Arkansas Tourism Ticker: State Restaurants, Hotels Busy To Start 2015

by The City Wire Staff ([email protected]) 376 views 

Editor’s note: The Arkansas Tourism Ticker is sponsored by the Arkansas Hospitality Association with research and content managed by The City Wire. It is published every two months.

Arkansas’ 2% tourism tax continues to set records for monthly collections, and 16 of the 17 cities reviewed for the Arkansas Tourism Ticker posted hospitality tax revenue gains through the first four months of 2015. The period continues the positive trends that began in 2014.


The Arkansas Tourism Ticker shows that the three key measurements of Arkansas’ leisure and hospitality sector between January and April posted healthy gains over the same period in 2014. The ticker is sponsored by the Arkansas Hospitality Association and managed by The City Wire, and uses the following three measurements to review the health of the state’s tourism industry. The Arkansas Tourism Ticker will be produced every two months, or six times a year.

• Hospitality tax collections – prepared food tax and lodging tax – of 17 Arkansas cities (cities listed below and in included image);
• Tourism sector employment numbers as reported by the U.S. Bureau of Labor Statistics; and
• Collections of Arkansas’ 2% statewide tourism tax.

Results for the January-April ticker report are:

Gain in combined January-April hospitality tax collections in 17 Arkansas cities compared to the same period in 2014

January-April gain in Arkansas’ 2% tourism tax compared to the same period in 2014

Increase in average Arkansas’ tourism industry jobs during January and April compared to January-April 2014

The inaugural Ticker report showed that 2014 hospitality tax revenue in the cities was up 3.7% over 2013; Arkansas’ 2% tourism tax revenue in 2014 was up 7.48% compared to 2013; and jobs in the state’s travel and tourism sector were up 6.5% in 2014 compared to 2013.

The combined hospitality tax collections in the 17 cities totaled $13.523 million in January-April, up 6.06% compared to January-April 2014.

Restaurant (prepared food tax) tax collections among the 17 cities totaled $10.276 million in January and April, up 5.93% compared to the $9.7 million in January-April 2014.

Hotel tax collections among the 17 cities totaled $3.247 million in the January-April period, up 6.49% compared to the $3.049 million during the same period of 2014.

Gains during the four-month period ranged from 28.3% in Springdale to 1.53% in North Little Rock. During the January-April period, only El Dorado saw a hospitality tax collection decline.

Collections of Arkansas’ 2% tourism tax in January and April totaled $4.247 million, up 7.25% compared to the $3.96 million in January-April of 2014. Collections for each of the four months of 2015 set a new record for that month.

The 2% tourism tax in 2014 totaled $13.677 million, up 7.48% compared to the $12.716 million collected in 2013. The 2014 tally sets a new record for the tax. Following are the past five years of 2% tax collections.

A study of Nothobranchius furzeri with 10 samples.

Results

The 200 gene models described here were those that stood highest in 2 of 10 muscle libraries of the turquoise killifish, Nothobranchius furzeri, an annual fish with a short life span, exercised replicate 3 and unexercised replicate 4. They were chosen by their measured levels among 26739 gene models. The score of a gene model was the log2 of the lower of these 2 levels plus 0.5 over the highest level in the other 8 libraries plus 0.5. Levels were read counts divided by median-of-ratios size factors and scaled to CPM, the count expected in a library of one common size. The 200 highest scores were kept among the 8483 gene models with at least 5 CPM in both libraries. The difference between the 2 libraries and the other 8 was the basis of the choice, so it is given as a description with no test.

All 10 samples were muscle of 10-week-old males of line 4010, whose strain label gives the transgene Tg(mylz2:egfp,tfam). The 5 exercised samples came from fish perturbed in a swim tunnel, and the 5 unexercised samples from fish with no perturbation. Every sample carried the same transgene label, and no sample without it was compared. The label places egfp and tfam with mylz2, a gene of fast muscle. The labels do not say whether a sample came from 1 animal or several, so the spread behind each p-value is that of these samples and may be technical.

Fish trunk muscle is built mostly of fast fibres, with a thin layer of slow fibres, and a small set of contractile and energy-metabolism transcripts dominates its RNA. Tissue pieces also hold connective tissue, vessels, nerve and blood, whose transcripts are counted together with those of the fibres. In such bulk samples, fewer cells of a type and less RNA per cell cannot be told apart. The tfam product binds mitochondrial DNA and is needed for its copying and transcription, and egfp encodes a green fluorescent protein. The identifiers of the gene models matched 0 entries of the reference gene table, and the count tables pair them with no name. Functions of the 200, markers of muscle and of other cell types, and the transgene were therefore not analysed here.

2014: $13.677 million
2013: $12.716 million
2012: $12.404 million
2011: $12.025 million
2010: $11.492 million

The monthly jobs average in the travel and tourism sector during January and April was 113,600, up 6.51% compared to an average of 106,650 during the first four months of 2014.

Travel and tourism sector employment ranged from a low of 112,100 in January to a high of 114,800 in February. The February level, if it is not revised, set a new record for the sector. Travel and tourism sector employment during the first four months of 2014 ranged from a 106,200 low in January to a high of 107,500 in April.

Job growth in the sector has been significant during the past 10 years. April employment of 113,900 is up 20.5% compared to April 2005 employment of 94,000.

Of the eight metro areas in or connected to Arkansas, the Bureau of Labor Statistics provides tourism employment data on five. The Fort Smith and Memphis-West Memphis areas were the only metro areas to see travel and tourism sector employment declines in the January-April period. Following are comparisons of the monthly employment averages in the January-April period.

Northwest Arkansas
Jan.-April 2015: 21,700
Jan.-April 2014: 21,225
Jan.-April 2010: 17,350

Fort Smith
Jan.-April 2015: 8,775
Jan.-April 2014: 8,925
Jan.-April 2010: 8,300

Central Arkansas (Little Rock-North Little Rock-Conway)
Jan.-April 2015: 32,750
Jan.-April 2014: 31.225
Jan.-April 2010: 28,575

Memphis-West Memphis
Jan.-April 2015: 62,300
Jan.-April 2014: 63,750
Jan.-April 2010: 63,700

Texarkana (Arkansas-Texas)
Jan.-April 2015: 6,250
Jan.-April 2014: 5,950
Jan.-April 2010: 5,525

Arkansas’ tourism industry is an important economic engine for the state, and is often cited as Arkansas’ second largest industry – behind agriculture.

There are many reports and economic indices to measure several areas of the the state’s economy. The City Wire issues a monthly housing report (The Arkansas Home Sales Report). The University of Arkansas issues a quarterly report on economic activity, and has published reports on the economic impact of the Fayetteville Shale Play. There are reports to measure public opinion on various social issues.

But there has not been an independent report looking at the health of the state’s tourism sector. Therefore, The City Wire decided to work with officials in the state’s travel and tourism sector to capture some indication of the relative health of the industry.